Yesterday the Toronto International Film Festival announced the first slate of films that will screen during the festival, from September 8-18. This is only the first wave of titles, and TIFF 2016 is already a doozy. I don’t even know where to begin sorting out the schedule. I guess with the opening night film which is The Magnificent Seven remake starring Denzel Washington and Chris Pratt. Since it’s the opening film, it’ll get a big splashy premiere which means Washington and Pratt will be on hand to promote the film. For some reason I thought this movie came out next month—it seems like a summer movie—but instead The Magnificent Seven will be the official kick-off of Oscar season, which is interesting as it isn’t a contender.
The closing night film is Kelly Fremon Craig’s The Edge of Seventeen, which I hope screens while I’m in town during the first week of the festival. Like last year, I’ll be binging on movies and writing as many reviews as possible in one week—I hope I don’t lose my phone at the airport this time—and this is one I really hope I can see. It’s not just Lainey—the trailer totally won me over, too.
There are a TON of Oscar hopefuls at TIFF this year, and while the festival circuit will undoubtedly weed out the weak links, there are some movies that come in with the kind of pedigrees you have to take seriously, such as Denis Villeneuve’s Arrival, the sci-fi alien movie that stars Amy Adams and Jeremy Renner. (I wonder if they got paid the same on this movie?)
September is tough on the festival circuit because TIFF, Telluride, and Venice all occur in the same month, and distributors and fest organizers have a delicate dance working out what premieres where. On the festival side, they want exclusive premieres, but distributors want the most notice/biggest award bump. You can tell how things get prioritized by the type of premiere a film is having. Arrival, for instance, is marked as a “Canadian” premiere, which means it will have its world premiere in Venice, then its North American premiere in Telluride, then screen at TIFF. That’s maximum fest exposure, so somebody thinks Arrival could be a real contender.
Speaking of, Harvey Weinstein is already talking up Lion, which stars Dev Patel and Nicole Kidman. He gave it a prime Thanksgiving release date, and thinks it could be nominated for “eight or nine” Oscars. That sounds like a dare. Another heavy hitter is Manchester by the Sea, which could be Casey Affleck’s ticket to his first leading actor Oscar nomination. Can’t wait to see Casey work his game at TIFF. Will anyone have time for that sh*t when Nate Parker is just around the corner?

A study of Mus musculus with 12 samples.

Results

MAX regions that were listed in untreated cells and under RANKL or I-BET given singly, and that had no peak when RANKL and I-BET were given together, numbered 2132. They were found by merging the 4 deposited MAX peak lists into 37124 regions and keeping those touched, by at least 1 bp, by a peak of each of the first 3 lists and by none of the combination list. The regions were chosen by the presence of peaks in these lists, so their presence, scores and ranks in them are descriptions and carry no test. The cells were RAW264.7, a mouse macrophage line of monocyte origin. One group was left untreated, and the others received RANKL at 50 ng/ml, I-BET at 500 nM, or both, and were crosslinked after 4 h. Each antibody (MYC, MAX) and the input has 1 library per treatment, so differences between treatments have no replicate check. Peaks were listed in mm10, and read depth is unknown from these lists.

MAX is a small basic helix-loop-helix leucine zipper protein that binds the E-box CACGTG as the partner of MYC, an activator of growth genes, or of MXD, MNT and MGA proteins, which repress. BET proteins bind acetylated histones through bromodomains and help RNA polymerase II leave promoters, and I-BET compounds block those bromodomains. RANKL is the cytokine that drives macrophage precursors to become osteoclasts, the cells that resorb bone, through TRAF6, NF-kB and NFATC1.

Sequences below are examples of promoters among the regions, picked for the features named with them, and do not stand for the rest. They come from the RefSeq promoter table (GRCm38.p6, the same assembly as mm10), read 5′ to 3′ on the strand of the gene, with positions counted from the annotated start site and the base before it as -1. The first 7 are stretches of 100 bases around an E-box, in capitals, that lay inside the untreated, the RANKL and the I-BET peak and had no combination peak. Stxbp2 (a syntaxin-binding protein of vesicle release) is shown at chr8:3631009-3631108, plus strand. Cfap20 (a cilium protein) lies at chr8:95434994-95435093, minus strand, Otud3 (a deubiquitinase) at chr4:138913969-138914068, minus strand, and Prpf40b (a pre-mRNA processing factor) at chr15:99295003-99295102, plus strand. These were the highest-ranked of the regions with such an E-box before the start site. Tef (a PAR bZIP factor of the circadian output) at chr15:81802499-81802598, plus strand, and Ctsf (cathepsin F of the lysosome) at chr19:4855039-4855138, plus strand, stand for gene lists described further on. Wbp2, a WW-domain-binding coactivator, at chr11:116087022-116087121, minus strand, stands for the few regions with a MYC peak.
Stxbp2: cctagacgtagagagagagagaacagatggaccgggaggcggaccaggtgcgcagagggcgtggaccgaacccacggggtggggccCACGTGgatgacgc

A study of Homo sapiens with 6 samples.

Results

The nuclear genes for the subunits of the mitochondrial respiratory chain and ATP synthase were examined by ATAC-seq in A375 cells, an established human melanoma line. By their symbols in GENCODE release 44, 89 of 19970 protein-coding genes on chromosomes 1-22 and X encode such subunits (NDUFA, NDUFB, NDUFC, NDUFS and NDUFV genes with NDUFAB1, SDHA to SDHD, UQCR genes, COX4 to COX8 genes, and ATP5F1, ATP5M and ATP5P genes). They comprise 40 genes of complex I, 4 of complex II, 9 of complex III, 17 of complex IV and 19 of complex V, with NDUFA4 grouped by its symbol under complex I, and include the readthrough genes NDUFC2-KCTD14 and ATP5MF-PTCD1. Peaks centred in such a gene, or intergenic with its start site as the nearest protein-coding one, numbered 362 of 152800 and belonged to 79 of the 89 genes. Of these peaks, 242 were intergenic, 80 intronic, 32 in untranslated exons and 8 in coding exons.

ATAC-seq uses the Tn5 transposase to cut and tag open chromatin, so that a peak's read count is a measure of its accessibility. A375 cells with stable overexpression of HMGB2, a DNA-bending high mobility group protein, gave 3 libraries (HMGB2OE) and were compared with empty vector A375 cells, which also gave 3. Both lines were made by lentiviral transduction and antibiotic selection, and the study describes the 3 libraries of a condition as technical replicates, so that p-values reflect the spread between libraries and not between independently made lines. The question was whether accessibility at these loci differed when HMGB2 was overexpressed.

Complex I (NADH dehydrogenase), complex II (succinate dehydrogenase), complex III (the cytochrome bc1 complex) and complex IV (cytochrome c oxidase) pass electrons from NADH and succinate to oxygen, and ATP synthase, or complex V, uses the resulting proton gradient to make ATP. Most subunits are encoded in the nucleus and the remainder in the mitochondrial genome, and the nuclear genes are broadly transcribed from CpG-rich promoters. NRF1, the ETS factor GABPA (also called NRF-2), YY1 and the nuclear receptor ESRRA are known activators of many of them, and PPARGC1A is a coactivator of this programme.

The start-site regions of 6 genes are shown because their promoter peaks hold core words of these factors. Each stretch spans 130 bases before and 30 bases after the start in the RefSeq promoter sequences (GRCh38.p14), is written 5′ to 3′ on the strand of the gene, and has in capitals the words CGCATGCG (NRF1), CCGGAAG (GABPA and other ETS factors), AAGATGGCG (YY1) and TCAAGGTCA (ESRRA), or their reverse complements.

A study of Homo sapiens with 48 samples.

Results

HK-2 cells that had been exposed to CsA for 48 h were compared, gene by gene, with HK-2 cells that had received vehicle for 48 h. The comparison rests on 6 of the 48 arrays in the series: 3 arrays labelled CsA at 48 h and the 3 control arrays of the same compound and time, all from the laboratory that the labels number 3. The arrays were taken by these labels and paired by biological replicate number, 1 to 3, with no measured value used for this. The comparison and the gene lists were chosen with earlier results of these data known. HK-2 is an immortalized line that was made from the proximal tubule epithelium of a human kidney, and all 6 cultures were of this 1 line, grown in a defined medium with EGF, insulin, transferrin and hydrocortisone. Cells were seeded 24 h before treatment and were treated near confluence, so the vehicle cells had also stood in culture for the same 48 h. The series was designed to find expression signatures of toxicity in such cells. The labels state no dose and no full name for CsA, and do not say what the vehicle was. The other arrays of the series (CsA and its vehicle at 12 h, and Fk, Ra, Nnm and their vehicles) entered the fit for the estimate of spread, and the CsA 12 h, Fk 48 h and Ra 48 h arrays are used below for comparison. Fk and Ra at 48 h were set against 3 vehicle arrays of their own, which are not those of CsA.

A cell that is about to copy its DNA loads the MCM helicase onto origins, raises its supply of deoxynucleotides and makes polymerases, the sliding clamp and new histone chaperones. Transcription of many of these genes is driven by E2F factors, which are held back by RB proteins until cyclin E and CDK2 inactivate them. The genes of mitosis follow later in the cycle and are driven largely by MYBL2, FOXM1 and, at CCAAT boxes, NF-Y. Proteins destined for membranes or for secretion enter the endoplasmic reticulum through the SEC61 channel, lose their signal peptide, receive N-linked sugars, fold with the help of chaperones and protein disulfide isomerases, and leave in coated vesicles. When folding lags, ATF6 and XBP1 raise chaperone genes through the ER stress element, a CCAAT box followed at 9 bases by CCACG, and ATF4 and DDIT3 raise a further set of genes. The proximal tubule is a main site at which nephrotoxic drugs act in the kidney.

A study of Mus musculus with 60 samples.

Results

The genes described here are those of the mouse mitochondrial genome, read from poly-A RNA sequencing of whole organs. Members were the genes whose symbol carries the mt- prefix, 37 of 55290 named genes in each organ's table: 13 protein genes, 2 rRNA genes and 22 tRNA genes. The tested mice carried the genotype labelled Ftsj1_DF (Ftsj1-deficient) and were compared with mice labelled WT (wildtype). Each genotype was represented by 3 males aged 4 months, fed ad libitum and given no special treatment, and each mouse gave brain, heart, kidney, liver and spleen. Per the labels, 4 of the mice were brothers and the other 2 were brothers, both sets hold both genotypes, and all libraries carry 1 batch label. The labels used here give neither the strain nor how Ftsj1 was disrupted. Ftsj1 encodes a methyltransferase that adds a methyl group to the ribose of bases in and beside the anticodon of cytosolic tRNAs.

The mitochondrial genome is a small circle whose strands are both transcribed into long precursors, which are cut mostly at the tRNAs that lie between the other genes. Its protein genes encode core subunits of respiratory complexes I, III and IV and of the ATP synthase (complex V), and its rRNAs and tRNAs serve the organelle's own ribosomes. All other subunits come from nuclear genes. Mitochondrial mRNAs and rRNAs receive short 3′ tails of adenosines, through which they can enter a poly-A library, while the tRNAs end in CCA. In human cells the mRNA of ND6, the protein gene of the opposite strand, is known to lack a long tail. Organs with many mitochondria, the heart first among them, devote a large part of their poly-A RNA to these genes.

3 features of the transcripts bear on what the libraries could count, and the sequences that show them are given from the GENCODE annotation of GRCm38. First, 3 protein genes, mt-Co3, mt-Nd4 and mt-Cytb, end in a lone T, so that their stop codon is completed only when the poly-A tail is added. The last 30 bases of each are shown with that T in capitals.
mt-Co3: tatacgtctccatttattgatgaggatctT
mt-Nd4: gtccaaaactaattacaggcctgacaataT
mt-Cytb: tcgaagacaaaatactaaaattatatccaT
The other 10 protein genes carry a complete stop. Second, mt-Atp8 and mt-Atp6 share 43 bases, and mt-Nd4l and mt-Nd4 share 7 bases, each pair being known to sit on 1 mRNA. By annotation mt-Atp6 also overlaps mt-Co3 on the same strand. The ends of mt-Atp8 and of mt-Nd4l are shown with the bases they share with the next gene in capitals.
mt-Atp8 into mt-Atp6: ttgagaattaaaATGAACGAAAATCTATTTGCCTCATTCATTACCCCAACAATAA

Some films look great, like Damian Chazelle’s La La Land, and others look okay, like Oliver Stone’s Snowden, and Ewan McGregor’s directorial debut, American Pastoral— to be fair, early accounts say it’s VERY good—but how do those movies stack up in a year that’s going to be dominated by the Academy trying to course-correct from #OscarSoWhite? And then there’s stuff like Mark Wahlberg’s latest hero fantasy, Deepwater Horizon, which doesn’t even look good at all. At least Ryan Gosling, Emma Stone, Joseph Gordon-Levitt, and Ewan McGregor are true entertainers who ought to make their TIFF press fun. But I can’t imagine sitting through anything Marky Mark is doing if you could be literally anywhere else at TIFF.
You can see the reverberation of #OscarSoWhite in the number of films about women and people of color screening at TIFF. Nate Parker’s Birth of a Nation will be a HUGE magnet for attention, but Lupita Nyong’o will also be on hand, along with director Mira Nair, to support Queen of Katwe, and David Oyelowo stars in Amma Asante’s new film, A United Kingdom. That could very well be three of the ten lead actor nominees in 2017 right there. And I don’t know about her Oscar odds (she said, sarcastically), but Blake Lively will bring her travelling fashion show to support All I See Is You. That movie is about a blind woman regaining her sight and I choose to believe it’s a sequel to the Val Kilmer movie At First Sight.
This is just barely scratching the surface of TIFF 2016, and they still have more movies to announce. But this slate makes two things clear: 1) Oscar season 2017 is going to be VERY competitive, and 2) TIFF will be packed to the gills with major celebrities. It’s like every film has at least one major name attached. There will be Fashion! And Stars! And more movies than any one person could see, but I will try very hard to see them all anyway! Are you ready for award season? It’s almost here.